Posted by Ryan Suto on July 12, 2017 in Blog

Last week President Trump visited Poland to deliver his second international speech, with the first in Saudi Arabia back in May. The speeches he delivered in Riyadh and Warsaw have clarified the Trump administration’s attitude and general approach to foreign policy: that of insisting there is a civilizational divide in the world, placing the U.S. and Europe on one side and the Middle East on the other. 

The Obama Administration, as with preceding presidential administrations, has been rightly criticized for speaking about values and human rights to the world but not reflecting such words in actions or alliances, including expanded drone strikes and a tepid response to the Arab Spring. This led to a sense of two American foreign policies: one of words and another of actions. Trump’s first two speeches abroad create a different dichotomy: the West and the Rest.

The president made at least token nods to political rights in Poland, part of Trump’s West, stating that America and the “nations of Europe” together “treasure the rule of law and protect the right to free speech and free expression.” The president ignored such formalities in Saudi Arabia, part of the Rest, stating that Americans “are not here to lecture—we are not here to tell other people how to live, what to do, who to be or how to worship.”  

In the West he sees the ideal, stating “I am here today not just to visit an old ally, but to hold it up as an example for others who seek freedom and who wish to summon the courage and the will to defend our civilization.” In the Rest he sees the barely acceptable, stating “We must seek partners, not perfection—and to make allies of all who share our goals.” 

Even America’s central purpose changes based on where Trump speaks. In Saudi Arabia, it is fighting terrorism: “But above all we must be united in pursuing the one goal that transcends every other consideration. That goal is to meet history’s great test—to conquer extremism and vanquish the forces of terrorism.” In Poland, it is protecting freedom: “And above all, we value the dignity of every human life, protect the rights of every person, and share the hope of every soul to live in freedom. That is who we are. Those are the priceless ties that bind us together as nations, as allies, and as a civilization.” Tellingly, in the Rest Trump speaks of goals. In the West he speaks of values.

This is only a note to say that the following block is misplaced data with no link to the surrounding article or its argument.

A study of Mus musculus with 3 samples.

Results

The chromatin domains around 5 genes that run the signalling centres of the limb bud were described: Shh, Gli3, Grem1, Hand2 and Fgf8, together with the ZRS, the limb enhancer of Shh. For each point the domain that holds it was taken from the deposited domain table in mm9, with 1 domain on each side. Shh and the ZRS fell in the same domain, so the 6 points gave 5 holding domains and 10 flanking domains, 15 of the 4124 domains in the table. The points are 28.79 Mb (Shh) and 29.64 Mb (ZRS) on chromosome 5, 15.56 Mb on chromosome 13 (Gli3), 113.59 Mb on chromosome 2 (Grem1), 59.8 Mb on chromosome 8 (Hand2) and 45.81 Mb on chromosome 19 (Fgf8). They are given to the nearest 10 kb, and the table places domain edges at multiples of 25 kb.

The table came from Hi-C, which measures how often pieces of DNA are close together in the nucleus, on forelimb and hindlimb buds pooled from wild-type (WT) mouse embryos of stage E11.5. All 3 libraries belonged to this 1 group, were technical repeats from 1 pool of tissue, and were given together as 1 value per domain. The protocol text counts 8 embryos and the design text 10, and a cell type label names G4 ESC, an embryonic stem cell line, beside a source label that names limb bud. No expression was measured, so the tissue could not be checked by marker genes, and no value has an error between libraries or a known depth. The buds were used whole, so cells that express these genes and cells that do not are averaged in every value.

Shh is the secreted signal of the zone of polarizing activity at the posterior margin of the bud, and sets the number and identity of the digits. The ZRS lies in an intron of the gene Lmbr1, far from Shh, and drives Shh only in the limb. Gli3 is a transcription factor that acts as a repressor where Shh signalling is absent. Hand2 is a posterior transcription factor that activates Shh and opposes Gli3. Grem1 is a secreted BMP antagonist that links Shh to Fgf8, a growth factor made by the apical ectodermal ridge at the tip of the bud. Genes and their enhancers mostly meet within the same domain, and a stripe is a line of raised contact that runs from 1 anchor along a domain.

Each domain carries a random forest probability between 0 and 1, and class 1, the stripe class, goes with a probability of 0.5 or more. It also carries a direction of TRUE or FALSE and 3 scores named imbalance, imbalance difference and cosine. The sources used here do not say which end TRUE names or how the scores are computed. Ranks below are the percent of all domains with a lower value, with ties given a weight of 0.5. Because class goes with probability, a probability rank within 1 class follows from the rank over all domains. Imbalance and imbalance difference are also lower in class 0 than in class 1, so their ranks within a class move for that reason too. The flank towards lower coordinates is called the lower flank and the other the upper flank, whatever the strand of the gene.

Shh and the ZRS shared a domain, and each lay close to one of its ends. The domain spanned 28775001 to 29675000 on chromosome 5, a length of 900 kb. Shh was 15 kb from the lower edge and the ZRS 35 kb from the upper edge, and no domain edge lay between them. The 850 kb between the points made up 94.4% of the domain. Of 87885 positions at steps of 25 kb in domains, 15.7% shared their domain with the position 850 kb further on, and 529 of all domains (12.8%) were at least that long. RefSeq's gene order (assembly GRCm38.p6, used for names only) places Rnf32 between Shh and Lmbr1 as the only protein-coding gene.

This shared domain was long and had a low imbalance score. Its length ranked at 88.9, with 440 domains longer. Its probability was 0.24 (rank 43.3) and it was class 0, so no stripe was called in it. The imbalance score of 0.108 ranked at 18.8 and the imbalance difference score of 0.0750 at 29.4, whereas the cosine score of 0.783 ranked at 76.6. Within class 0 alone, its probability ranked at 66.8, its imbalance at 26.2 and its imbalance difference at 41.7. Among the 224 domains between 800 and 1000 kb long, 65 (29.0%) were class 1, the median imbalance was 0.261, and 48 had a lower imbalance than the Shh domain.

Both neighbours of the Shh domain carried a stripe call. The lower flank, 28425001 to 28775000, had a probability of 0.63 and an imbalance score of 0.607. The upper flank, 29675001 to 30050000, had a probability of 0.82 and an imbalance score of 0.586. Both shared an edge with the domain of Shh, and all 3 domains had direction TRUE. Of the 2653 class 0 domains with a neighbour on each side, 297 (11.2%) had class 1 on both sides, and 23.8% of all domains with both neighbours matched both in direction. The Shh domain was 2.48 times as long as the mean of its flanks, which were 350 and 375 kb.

For Trump, the Middle East is not a land to discuss freedom, and not populated with people to include in “our civilization.” Indeed, in Riyadh, there was no substantial discussion of “freedom,” “value” or “civilization;” these words received only a combined 5 mentions in the speech. In Warsaw those words were mentioned 32 times. When in the Middle East the president did not use allegedly important phrase “radical Islamic terrorism,” but when in the West and talking about the Middle East, he did so, showing further inconsistency in his messaging abroad.

At home, Trump’s inclusion of the West to the exclusion of the Rest fails to accurately represent millions of Americans. Despite his attempts to halt Arab refugees, ban travel to the U.S. from five Arab and Muslim-majority countries, and Iran, and build a wall between the U.S. and Mexico, Americans do not reflect the dichotomy of Trump’s worldview. Nearly 30% of Americans are not Christian and at least 28% identify with no ancestral connection to Europe. The country’s diversity has led many to see an increasingly interconnected world, with borders continually blurred by cultural diffusion, trade, and cooperation. Their America is one in which 70% of Silicon Valley CEOs are immigrants, and interracial and interfaith unions are increasingly common. 

Abroad, Trump’s West v. Rest civilizational dichotomy fails America’s interests, as well. Just as foreign leaders and publics can read all the president's tweets, they can read his speeches, too. Potentially strategic Iraqis and Syrians have been slighted by their exclusion at the Riyadh summit, and at the most recent G-20 meeting European officials already see opposition to Trump as needed to support European values, such as combating climate change. Trump’s shifting rhetoric on whether his administration prioritizes security over freedom, as stated in Saudi Arabia, or seeks to protect religious and political liberties at all costs, as stated in Poland, does not give our allies a consistent and dependable partner, as these two approaches are often at odds with each other.

The civilizational divide between the West and the Rest which forms the worldview of the Trump administration is both inaccurate and bad policy at home and abroad. The United States must engage in all regions of the world, consistently supporting the timeless values of our founding documents with a full appreciation to the cross-border ties which technology has nurtured. And our President must include all Americans in the process of perfecting the country, irrespective of demographics, in words and actions.